How Important is High Availability in a School Network?
School networks are becoming more complex as requirements grow. A school server, school-wide WLAN, the use of tablets and laptops in the classroom, a school cloud, uniform logins for all services – the requirements for a network administrator or service provider in the school are many and varied. If everything works, then everything is usually also good. But what if the server, firewall or switch fails? The consequences can be very different. How quickly can normal operation be restored? How important is high availability in a school network?
According to Wikipedia, high availability is defined as follows
High availability (HA) is a characteristic of a system, which aims to ensure an agreed level of operational performance, usually uptime, for a higher than normal period.
The point is that a system (“the school network”) remains operational even if one or more components fail. This can lead to interruptions. Depending on how long such an interruption lasts, the high availability is divided into different classes. A school network must be operational especially on school days (approx. 180-200 days per year). Even if 99.999% availability is absolutely necessary in very few schools, smooth operation is very important for everyday teaching.
Single Point of Failures
In order to achieve high availability, you have to reduce so-called “single points of failure”. These are components whose failure would cause the entire school network to stand still. What can be such “Single Point of Failures”?
- Firewall → if it fails, there is no more access to the Internet, depending on the configuration, the internal network also no longer functions.
- Switches (especially the core switch) → see Firewall, complete failure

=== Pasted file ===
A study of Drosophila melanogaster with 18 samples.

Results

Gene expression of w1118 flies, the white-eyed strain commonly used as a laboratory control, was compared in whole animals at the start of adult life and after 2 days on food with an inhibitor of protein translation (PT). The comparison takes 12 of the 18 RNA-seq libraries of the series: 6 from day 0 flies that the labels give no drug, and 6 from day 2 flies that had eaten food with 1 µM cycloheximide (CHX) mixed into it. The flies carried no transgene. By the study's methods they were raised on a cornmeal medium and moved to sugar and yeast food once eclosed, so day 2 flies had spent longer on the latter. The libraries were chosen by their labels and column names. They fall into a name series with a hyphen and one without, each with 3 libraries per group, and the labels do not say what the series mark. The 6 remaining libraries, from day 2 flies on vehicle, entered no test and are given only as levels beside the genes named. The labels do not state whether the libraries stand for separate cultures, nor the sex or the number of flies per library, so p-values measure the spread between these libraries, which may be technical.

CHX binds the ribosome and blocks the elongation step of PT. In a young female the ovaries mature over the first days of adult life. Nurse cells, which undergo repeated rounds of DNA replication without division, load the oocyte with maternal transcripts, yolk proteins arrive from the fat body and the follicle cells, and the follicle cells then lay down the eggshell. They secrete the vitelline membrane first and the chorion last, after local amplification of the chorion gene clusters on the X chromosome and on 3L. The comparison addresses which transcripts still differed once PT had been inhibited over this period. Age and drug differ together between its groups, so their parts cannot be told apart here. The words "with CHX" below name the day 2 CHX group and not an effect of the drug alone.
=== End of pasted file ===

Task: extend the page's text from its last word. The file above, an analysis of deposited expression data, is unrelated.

- Server → fails, many applications are no longer accessible, i.e. school logins, web applications, school cloud, …
- Internet connections → if the only access fails, you are offline.
Last week our firewall bricked (due to the Atom C2000 bug). The network went down, we were offline. A first attempt to virtualize the firewall failed, so we switched to a small minicomputer with 2 network cards. We needed some additional configurations on our main switch to split all WANs and VLANs on two network cards. After a few hours the network was up and running again (we were able to restore the backup of the configuration with few changes).
How can you increase reliability?
There are several ways to increase reliability and better protect the “school network” against failures. In general, it is about having as few (preferably no) “single points of failure” as possible and critical components that are fault-tolerant in the event of a failure. As already mentioned above, the requirements for a highly available school network depend very much on the circumstances and wishes of the school authorities. On the one hand it is a question of money, on the other hand not every network has to be available again within a few minutes.
Here are some ideas on how to increase reliability:
- qualitative hardware → good hardware costs more, but it often runs more stable
- Backups, backups → Configurations, data, virtual machines, containers – there is no way around backups (backups must also be tested!)
- Monitoring → good monitoring can detect errors early in some cases and gives an overview of where there are problems in the network. So you can react faster and are not dependent on the hints of the users in the network (“The Internet doesn’t work anymore”, “The printer is broken”, …).
- Increase fault tolerance → also called “failover”, i.e. two power supplies in the server, several Internet connections (“Multi-WAN”), two firewalls, RAID, two servers, …
- Keep spare parts available → Hard disks, spare switch, …
- UPS → protect hardware in the event of power fluctuations and continue operation even in the event of a power failure (for a limited time)
- “Personnel redundancy” → better two or more IT administrators or service providers (in case of absence due to illness, vacation, …)
- preventive maintenance
A school network is certainly not a highly critical system, but with the increasing digitalization of schools it is becoming increasingly important that the IT infrastructure remains accessible without failures. At some schools, Internet failure is so severe that work can hardly continue (online systems for administration, school clouds, online learning systems, student information systems). In order to increase reliability, you don’t always have to spend a lot of money. Much more important is that you are prepared for a failure (especially at the Single Point of Failures).